Everybody seems to be taking selfies, now a days, don’t they? Nothing to it, really, you just take as much of your clothes off as you dare, stand in front of the bathroom mirror, grab your iPhone, take the shot, txt it to your bff, who instagrams it. It goes viral, you get kicked out of jr. high, but it doesn’t matter bc you’re already famous.
But how about if you’re not a teen girl with a cute little, um, figure? Or you’re not Ellen Degeneres or the President? Your idea of a selfie is just whippin’ out your iPhone, holding it at arms length, and voila.
DO NOT TRY THIS AT HOME. PLEASE.
Now our man in Sag Harbor, a self described Senior Teenager, has come to the rescue! And not one minute too soon. Goes down like this.
Jonathan Morse has been doing a series of slightly over the top portraits of high mileage artists and writers, (who are rather thick on the ground, in and about Sag Harbor), and all of a sudden, he wants to get in on the fun. But he knew from bitter experience that just grabbing his Six Plus and popping the flash in his face was not going to produce a very pretty picture. Not very pretty at all. (See above). And trying to take a studio portrait with a camera’s self timer, is a oft trod path to desperate disappointment.
So... letting necessity once again give motherhood to invention, he creates the “Studio Selfie”. Works like this. First you set up your Sony full frame mirrorless camera, (our man favors the A7r ), the way you normally do, on your studio stand, connected wirelessly to your strobes. Then you download the Sony app, playfully named “Play Memories”, on to your iPhone.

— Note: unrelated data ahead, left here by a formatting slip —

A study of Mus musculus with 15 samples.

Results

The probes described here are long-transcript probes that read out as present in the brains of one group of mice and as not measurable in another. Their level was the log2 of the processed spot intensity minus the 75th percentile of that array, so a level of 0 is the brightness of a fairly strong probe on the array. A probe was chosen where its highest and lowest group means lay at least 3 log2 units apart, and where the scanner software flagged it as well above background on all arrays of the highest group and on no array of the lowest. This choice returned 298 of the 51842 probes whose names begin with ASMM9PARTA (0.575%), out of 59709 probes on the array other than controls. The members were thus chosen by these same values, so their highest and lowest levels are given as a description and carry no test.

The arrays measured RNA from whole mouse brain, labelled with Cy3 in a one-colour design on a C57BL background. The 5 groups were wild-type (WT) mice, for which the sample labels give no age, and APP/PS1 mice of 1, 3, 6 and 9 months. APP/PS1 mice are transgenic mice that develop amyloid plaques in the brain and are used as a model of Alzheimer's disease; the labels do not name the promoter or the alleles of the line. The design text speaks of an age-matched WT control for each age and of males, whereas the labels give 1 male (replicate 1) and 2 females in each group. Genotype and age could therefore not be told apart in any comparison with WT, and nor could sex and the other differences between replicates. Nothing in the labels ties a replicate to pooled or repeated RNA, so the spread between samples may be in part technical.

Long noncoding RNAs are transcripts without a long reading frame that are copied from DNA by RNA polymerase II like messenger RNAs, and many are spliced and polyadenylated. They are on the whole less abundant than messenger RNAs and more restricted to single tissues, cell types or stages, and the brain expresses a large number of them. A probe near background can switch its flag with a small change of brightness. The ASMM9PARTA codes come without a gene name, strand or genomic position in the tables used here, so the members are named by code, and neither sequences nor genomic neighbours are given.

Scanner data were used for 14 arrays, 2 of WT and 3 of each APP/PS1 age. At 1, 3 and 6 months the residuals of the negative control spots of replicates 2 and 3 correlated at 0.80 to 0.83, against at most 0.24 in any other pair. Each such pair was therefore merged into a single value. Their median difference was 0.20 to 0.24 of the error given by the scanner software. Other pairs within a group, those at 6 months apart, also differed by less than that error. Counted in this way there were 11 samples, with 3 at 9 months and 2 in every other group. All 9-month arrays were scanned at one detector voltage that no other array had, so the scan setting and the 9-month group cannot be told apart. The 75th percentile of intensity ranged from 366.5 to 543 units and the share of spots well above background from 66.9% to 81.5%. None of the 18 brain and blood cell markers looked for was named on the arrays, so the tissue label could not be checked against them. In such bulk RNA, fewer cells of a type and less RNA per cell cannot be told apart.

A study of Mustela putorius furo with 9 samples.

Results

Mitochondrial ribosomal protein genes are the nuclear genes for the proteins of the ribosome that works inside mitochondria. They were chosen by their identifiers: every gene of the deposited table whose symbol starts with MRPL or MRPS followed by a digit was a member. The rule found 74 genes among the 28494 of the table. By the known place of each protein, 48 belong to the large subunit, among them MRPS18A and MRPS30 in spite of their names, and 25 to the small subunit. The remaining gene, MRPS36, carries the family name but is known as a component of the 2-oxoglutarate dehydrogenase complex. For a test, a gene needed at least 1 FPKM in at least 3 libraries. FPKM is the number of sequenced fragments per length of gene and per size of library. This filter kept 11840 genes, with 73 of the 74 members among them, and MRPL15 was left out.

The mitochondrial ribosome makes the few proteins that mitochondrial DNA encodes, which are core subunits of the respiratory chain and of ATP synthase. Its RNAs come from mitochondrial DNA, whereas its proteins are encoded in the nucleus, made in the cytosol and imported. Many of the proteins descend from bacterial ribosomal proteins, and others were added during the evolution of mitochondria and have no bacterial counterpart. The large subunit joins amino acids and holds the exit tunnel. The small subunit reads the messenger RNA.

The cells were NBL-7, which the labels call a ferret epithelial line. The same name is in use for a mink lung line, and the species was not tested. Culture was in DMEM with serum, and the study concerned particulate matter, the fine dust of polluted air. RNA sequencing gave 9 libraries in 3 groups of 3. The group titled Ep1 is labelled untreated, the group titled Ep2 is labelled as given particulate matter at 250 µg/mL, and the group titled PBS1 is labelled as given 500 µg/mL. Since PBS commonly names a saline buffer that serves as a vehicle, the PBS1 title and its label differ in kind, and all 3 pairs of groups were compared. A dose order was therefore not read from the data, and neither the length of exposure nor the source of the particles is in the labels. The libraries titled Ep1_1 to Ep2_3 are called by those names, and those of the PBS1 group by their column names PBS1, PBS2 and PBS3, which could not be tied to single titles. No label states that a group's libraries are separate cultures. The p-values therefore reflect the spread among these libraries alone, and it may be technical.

First the ugly part. You have to figure out how to drill deeply down into the menus to pair the camera and iPhone. Our man wouldn’t dream of opening the Sony instruction manual for this sort of thing, preferring instead to turn to The Unofficial and Quintessential Guide to the Sony a7 and A7r by Matsumoto and Roullard. You purists out there will select .jpg and raw.
Then the beauty part: your iPhone has not only become the shutter release of your camera, but it becomes the biggest damn viewfinder you have ever seen, and it’s right in the palm of your hand. How great is that? You take your position in front of the camera, pose and compose whilst looking at your celly, then lower the phone and take the picture. After a couple of tries, you should be looking at something like this,George Mittendorf, sculptor
or this,Frank Gioeli, Multimedia artist.
The best part, you can truthfully confide to one and all, “ Oh, I just took that with my cell”.